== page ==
The Last Supper was a very powerful Biblical event, in which Jesus and his disciples gathered for one final dinner together. According to the Bible, important events took place during the Last Supper, including an announcement by Jesus that one of his disciples would betray him and the first communion. To artists in the fifteenth and sixteenth centuries, it was necessary to give proper deference to such notable occurrences. Both Leonardo da Vinci and Jacopo Robusti, known as Tintoretto, took upon the challenge of recreating the Last Supper. While Last Supper by da Vinci and Last Supper by Tintoretto are very similar in subject matter, they differ in composition, symbolism, and the choice of narrative moment.
The Last Supper by Leonardo da Vinci is the first great figure composition of the High Renaissance and the definitive interpretation of its theme. Jesus and his twelve disciples are seated at a long table that is parallel to the picture plane. The room is spacious and peaceful, and Christ has his arms spread in disposed trust . The rest of the group is in intense and dramatic excitement, with their hands out in shock and question at Jesus’ words. The viewer can just feel the tense excitement sweeping through the groups of disciples. Jesus, the most important figure in the painting, has been placed in front of three windows that are in the back of the room, and he is framed by the center window with a curved pediment that arches above his head. His head serves as the focal and vanishing point of this piece, and your eye is immediately attracted to it. Da Vinci has arranged the disciples into groups of three and tied all the groups together through their hand motions giving this piece a symmetrically aesthetic feeling. Your eye is taken on a journey through the oval-shaped composition of the piece, but it is clear that Jesus serves as the vital magnet. The Last Supper by Tintoretto is a beautiful Mannerist-style painting in which the painter creates a revolutionary type of composition. The piece’s surface plane now shoots in a diagonal motion and Jesus is noticeable only because of the light around his head. There is a feeling of unsure commotion throughout the figures as they lean into uncomfortable positions, such as the maid in the foreground. The figures also seem to blossom in light through a darkness of the background. The two brightest areas, Jesus and the light fixture, fight for the viewer's attention and create a sense of uncertainty, perfecting what the Mannerist’s set out to accomplish.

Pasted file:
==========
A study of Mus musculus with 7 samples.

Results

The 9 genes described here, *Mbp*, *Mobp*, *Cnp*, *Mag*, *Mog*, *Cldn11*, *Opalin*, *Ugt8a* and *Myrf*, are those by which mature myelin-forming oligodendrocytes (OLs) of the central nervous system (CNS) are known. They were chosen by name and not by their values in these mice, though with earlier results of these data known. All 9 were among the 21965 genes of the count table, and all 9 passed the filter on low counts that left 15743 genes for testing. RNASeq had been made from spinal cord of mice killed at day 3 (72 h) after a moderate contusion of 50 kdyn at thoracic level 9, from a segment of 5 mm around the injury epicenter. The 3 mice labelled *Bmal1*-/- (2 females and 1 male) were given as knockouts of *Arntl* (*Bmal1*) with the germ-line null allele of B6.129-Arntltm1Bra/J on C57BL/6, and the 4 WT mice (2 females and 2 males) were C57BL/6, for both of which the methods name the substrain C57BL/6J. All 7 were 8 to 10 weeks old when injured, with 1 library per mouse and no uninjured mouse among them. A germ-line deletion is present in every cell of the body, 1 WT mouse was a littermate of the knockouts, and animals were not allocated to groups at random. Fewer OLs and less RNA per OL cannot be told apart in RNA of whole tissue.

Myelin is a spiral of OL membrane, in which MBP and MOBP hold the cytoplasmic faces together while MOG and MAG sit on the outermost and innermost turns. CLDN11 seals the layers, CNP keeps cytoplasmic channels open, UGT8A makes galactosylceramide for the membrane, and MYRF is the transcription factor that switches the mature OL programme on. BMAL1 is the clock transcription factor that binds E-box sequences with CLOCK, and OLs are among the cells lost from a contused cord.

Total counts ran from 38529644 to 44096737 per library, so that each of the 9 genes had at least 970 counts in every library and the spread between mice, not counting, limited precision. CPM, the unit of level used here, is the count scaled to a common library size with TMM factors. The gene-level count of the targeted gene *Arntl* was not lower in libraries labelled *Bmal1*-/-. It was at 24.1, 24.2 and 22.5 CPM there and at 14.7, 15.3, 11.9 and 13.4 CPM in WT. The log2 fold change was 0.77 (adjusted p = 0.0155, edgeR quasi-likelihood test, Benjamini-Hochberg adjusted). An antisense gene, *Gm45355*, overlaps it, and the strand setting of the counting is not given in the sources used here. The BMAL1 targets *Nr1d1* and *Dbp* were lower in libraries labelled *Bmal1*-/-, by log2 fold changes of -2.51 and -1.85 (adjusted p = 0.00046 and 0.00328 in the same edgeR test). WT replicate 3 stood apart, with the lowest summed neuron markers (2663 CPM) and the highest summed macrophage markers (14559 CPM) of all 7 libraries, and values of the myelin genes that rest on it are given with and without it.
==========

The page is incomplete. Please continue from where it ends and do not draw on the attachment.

The use of symbolism in both Da Vinci’s and Tintoretto’s Last Supper is important to the interpretation of each piece. Da Vinci is the first known artist to place Judas, the disciple who betrays Jesus, on the same side of the table as Christ. This subtly symbolizes the trust that Jesus shared with his followers, and it is more realistic. By placing Christ in the center, as the focal point, with orthagonals leading towards him, Da Vinci creates a 3-D/pyramid effect with Christ that shows his still and stable calmness and poise amongst the distraught group. He also places Jesus inside the second window, symbolizing Jesus’ position as Christ, the son in the Christian trinity. The group of twelve is split into groups of threes, symbolizing the trinity, and supporting the symmetry. Tintoretto’s Last Supper uses symbolism very differently. He places genre figures throughout the painting, such as the waitresses, to ground the viewer in reality. This may act as his way of making the piece more realistic or closer to personal experience and therefore, more comfortable. Yet, he also places angels flying into the room, throwing off this grounded feeling but giving a nice balance of both heaven and Earth.
These two accomplished artists, Da Vinci from the High Renaissance Period, and Tintoretto from the time of Mannerism, decided to paint the same event, but chose different narrative moments, exemplifying each of their purposes. Leonardo da Vinci chose to illustrate the moment in which Jesus proclaims that one of his disciples shall betray him, creating a sense of shock and question. Each of the followers of Jesus embrace fear, doubt, protestation, rage, and love in a beautiful symmetry. Tintoretto, on the other hand, chooses to use a different scene of the same event, the first communion. Although the painting is very expressive and exciting, the subject is of a joyous festival that continues on in many Christian churches today. He chooses not to work with a scene of betrayal and dishonesty, but instead a time of great miracle.
Leonardo da Vinci’s goal of painting not only the man, but the intention of his soul is shown in his Last Supper; one can almost see John the Baptist in shocking contemplation after hearing such news. The painter withholds the High Renaissance aesthetics of symmetry and stability, while creating a stirring of emotion inside of the viewer through composition, symbolism, and narrative subject. Tintoretto is a true Mannerist. He decided upon a different scene and brought it alive with colors, composition, and movement. His fascination with color is revealed, while he creates uncertain emotions in the viewer through symbols, lights, and shadows. Both of these artists exemplify not only their times, but also their incredible ability to manipulate art to express their purpose.